Make Your Own Deodorant With Louisa

By Louisa Sage

Make your own deodorant: it’s effective, cheap and safe*. I recently made it for the first time and so far it works amazingly well! I’ve made it for my friends, using customized scents, and now I'm surrounded by healthy and subtly aromatic people. I’ve been experimenting with different recipes, but here’s a simple and effective one. 


  • 3 tbsp. Coconut oil
  • 1 ½ tbsp. Shea butter (this is optional—you could substitute with more coconut oil)
  • 1 ½ tbsp. Baking soda
  • 3 tbsp. Arrowroot starch or cornstarch
  • Essential oils (optional)—I used about 5 drops of grapefruit and 3 drops of tea tree


  • A jar for mixing and a jar (or other vessel) for storing
  • A pot
  • Measuring spoons & stirring spoon



Put an inch or two of water in a pot; put a medium-sized jar in that.


Put about 3 tablespoons of coconut oil and roughly 1½ tablespoons of shea butter in the jar and heat on medium until melted, stirring occasionally.


Remove the jar from the heat and add 3 tablespoons of arrowroot starch (or cornstarch) and 1½ tablespoons of baking soda to the oil mix; stir until smooth.


Add between 5 and 10 drops of essential oils, if you like.



Transfer it to a littler jar and apply a small amount to your pits with your fingers. Maybe wait a bit before putting your shirt on. No need to refrigerate. If ingredients have separated, shake or stir before using.



OR transfer it to an empty deodorant container. If the mixture is still quite liquid and warm, it might leak through the bottom of the container a bit, in which case you could pour a little bit in to cover the platform, put it in the freezer or fridge to set and form a seal, then pour the rest of the mixture in without worrying. You will probably have to store this version in the fridge, since it will be fairly mushy/liquid at room temperature. This will allow you to apply it as you would a regular deodorant stick—fresh from the fridge to your pits! Super fancy.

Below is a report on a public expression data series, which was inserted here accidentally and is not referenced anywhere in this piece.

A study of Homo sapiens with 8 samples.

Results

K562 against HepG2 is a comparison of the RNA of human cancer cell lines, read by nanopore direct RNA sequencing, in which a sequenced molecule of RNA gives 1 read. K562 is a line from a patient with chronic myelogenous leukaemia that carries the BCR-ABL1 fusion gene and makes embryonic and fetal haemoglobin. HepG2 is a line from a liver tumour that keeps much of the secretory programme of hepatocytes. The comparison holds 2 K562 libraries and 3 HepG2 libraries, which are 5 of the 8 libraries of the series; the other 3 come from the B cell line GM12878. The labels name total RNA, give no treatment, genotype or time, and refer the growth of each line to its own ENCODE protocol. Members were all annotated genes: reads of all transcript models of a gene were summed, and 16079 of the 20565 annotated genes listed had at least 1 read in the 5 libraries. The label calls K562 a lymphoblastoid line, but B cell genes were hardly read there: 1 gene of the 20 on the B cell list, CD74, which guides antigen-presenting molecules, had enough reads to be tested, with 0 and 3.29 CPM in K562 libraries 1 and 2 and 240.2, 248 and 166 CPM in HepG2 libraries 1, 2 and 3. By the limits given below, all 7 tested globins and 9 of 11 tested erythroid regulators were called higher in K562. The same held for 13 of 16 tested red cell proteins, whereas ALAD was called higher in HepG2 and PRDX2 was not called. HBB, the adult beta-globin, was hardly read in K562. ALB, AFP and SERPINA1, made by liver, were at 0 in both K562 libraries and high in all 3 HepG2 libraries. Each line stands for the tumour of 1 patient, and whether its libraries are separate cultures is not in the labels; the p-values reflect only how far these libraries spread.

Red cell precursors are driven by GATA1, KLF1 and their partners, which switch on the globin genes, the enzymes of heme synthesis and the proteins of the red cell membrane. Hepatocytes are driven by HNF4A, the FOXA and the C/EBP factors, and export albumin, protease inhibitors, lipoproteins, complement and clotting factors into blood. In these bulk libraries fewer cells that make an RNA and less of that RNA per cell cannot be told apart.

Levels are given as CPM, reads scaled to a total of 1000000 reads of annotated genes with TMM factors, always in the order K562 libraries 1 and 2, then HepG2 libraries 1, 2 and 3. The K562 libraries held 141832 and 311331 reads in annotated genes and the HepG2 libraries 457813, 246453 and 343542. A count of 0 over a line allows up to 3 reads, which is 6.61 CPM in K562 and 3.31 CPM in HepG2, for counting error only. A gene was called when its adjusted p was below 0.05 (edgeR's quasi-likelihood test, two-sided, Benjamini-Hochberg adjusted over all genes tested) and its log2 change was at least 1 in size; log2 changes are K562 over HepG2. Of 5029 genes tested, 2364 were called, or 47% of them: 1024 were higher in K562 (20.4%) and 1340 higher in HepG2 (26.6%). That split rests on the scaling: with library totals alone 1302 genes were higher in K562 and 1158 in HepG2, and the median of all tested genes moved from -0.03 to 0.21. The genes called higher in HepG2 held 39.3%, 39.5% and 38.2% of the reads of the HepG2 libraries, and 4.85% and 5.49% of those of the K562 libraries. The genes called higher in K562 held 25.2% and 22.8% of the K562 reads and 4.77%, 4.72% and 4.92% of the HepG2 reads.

1. I tried melting a small nub of beeswax in with the oil, and I liked the more solid consistency, but beware of yellow shirt stains.

  2. If you find it irritates your skin, try reducing or eliminating the essential oils (which can be harsh) and/or reducing the baking soda.

  3. I already reduced the baking soda compared to some of the other recipes I’ve seen, so you could try increasing the baking soda (and decreasing the arrowroot starch) if you like

  4. You don’t have to use shea butter—it’s good for your skin and makes the texture more solid, but it’s also more expensive and harder to find..

  5. From what I understand, the baking soda controls odor, the starch controls moisture and the coconut oil is the vehicle/has antibacterial and skin conditioning properties, so experiment with the ratios with that in mind.

  6. You don’t need to apply much!

* There is evidence that some essential oils—esp. lavender and tea tree—are hormone disruptors ( but I don’t know what kind of doses might be harmful.

About the Author

I live in Montréal, where much of my time is devoted to translation, writing, painting, film, etc. Meanwhile, I look things up online such as "how to be tidier" and "homemade deodorant"—which incited this journey. Thankfully, the right deodorant allows me to endeavour with confidence!